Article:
The National Labor Relations Board (NLRB or Board) has overruled two precedents that had been particularly nettlesome to the employer community. First, in The Boeing Company the NLRB, in a 3-2 decision on Dec. 14, 2017, overturned prior law that had held that a facially neutral employer work rule might still violate the National Labor Relations Act (Act) if it could be reasonably construed by employees to prohibit conduct protected by Section 7 of the Act. Second, in Hybrand Industrial Contractors, again by a 3-2 split on Dec. 14., the NLRB overruled the Browning Ferris decision, which had expanded the concept of joint employment.
In Boeing, the Board expressly overruled its prior decision in Lutheran Heritage Village-Livonia, 343 NLRB 646 (2004), even though none of the parties to the case had argued for its extinction. In Lutheran Heritage Village, the Board held that an employer work rule, neutral on its face, violated the Act if it “could reasonably be interpreted” as restricting protected concerted activity by employees.
In recent years, application of this case led to findings that seemingly innocuous rules requiring civility and respect in the workplace, limiting workplace access and regulating attendance violated the Act.
The majority announced a new two-part balancing test that it will use in work-rule cases going forward. First, the Board will analyze whether the rule as “reasonably interpreted” is likely to negatively affect employee Section 7 rights. If it does not, there will be no violation. If it does, the Board will examine whether the actual or potential impact on Section 7 rights is justified by the substantiality of the employer interests protected by the rule. The Board was careful to point out that even rules that were found permissible under this test could lead to a finding of a violation if the rule were discriminatorily applied. In applying the balancing test to Boeing’s “no camera” rule, the Board found Boeing’s security interests far outweighed any arguable impact on Section 7 rights. Finally, the Board suggested that so-called workplace civility rules might be permissible, even though no such rule was involved in the case.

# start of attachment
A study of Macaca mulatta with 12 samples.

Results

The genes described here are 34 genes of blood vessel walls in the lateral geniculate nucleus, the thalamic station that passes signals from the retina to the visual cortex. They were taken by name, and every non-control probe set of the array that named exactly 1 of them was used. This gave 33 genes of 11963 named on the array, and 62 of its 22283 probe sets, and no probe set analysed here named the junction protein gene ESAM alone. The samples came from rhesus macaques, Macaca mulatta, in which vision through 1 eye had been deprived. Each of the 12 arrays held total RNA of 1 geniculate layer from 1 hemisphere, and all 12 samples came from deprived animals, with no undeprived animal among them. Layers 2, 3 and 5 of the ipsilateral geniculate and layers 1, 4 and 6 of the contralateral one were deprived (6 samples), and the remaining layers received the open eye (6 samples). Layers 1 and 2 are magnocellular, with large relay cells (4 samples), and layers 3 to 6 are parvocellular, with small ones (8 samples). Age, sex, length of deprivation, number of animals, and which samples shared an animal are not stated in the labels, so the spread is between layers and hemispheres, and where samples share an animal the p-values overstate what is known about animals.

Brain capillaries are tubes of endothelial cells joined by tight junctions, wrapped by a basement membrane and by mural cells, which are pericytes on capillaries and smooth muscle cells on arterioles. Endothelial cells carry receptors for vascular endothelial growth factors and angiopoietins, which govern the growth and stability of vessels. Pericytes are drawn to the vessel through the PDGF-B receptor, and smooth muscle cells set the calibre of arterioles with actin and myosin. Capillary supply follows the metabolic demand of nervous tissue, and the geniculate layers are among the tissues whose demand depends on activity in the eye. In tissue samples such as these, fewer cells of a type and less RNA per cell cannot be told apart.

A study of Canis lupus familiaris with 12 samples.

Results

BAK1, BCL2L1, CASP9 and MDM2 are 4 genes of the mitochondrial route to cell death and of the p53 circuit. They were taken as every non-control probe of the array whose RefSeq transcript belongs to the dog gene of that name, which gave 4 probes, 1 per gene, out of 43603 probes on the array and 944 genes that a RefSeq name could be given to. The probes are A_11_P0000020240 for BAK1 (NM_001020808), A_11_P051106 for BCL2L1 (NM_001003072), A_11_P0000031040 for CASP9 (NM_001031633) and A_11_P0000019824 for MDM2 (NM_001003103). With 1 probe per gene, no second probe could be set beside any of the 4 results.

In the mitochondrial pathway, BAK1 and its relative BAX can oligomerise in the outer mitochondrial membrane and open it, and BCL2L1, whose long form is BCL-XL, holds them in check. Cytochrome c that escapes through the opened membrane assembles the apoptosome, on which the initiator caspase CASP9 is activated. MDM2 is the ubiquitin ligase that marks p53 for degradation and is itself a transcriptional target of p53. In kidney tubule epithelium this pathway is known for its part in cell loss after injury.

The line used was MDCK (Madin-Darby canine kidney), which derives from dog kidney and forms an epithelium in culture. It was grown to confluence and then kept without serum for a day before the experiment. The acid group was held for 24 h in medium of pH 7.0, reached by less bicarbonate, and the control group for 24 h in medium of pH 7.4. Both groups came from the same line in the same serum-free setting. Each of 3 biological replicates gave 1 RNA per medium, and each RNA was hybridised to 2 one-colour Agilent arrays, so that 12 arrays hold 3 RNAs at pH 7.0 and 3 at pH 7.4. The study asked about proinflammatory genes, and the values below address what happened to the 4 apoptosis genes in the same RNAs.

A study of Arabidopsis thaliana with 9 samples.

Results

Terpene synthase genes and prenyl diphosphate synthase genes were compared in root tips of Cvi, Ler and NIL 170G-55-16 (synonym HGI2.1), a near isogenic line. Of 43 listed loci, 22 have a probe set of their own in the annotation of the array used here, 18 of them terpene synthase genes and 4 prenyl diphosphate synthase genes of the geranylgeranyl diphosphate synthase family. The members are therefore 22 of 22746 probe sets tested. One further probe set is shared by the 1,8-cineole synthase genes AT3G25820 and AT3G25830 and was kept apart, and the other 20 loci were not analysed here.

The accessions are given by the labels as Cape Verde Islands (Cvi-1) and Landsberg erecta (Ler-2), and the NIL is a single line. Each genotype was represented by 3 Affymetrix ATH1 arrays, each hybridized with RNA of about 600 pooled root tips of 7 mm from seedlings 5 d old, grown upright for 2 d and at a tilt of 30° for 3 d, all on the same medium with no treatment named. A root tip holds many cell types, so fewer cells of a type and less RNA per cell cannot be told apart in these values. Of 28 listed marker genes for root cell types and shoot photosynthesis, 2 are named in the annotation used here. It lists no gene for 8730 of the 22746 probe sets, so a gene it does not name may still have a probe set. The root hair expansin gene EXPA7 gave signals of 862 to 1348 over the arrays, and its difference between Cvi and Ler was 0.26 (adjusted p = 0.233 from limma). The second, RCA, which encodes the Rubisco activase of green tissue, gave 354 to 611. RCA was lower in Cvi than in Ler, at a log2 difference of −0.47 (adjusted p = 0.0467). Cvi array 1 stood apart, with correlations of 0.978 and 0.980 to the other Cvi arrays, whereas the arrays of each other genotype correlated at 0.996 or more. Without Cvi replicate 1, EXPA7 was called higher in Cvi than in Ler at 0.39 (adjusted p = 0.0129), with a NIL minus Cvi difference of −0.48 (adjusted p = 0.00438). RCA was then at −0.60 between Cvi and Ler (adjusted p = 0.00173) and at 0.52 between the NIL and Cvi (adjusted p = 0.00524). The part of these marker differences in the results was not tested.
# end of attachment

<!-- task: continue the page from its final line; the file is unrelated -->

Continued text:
In Hybrand, the majority again overturned a prior decision in Browning-Ferris. That decision had greatly expanded the range of companies who could be found to be joint employers by holding that retention of theoretical contract rights by one entity to control the labor relations of another would be sufficient even if little if any practical control was exercised. The Board majority overruled this aspect of Browning-Ferris and held that the pre-Browning-Ferris requirement that the control be actually exercised and that it be “direct and immediate” would be applied to cases going forward.
What Does This Mean for Employers?
The most immediate practical implication will be on employer handbooks, policies and work rules. Employers who reacted to Lutheran Village by softening work rules relating to access, attendance, civility, or other areas might want to consider revisiting those rules under the new standard. Other employers should audit their work rules and policies to determine whether changes are necessary. In either case, a guiding principle would be to articulate the substantial employer interest that justifies the rule.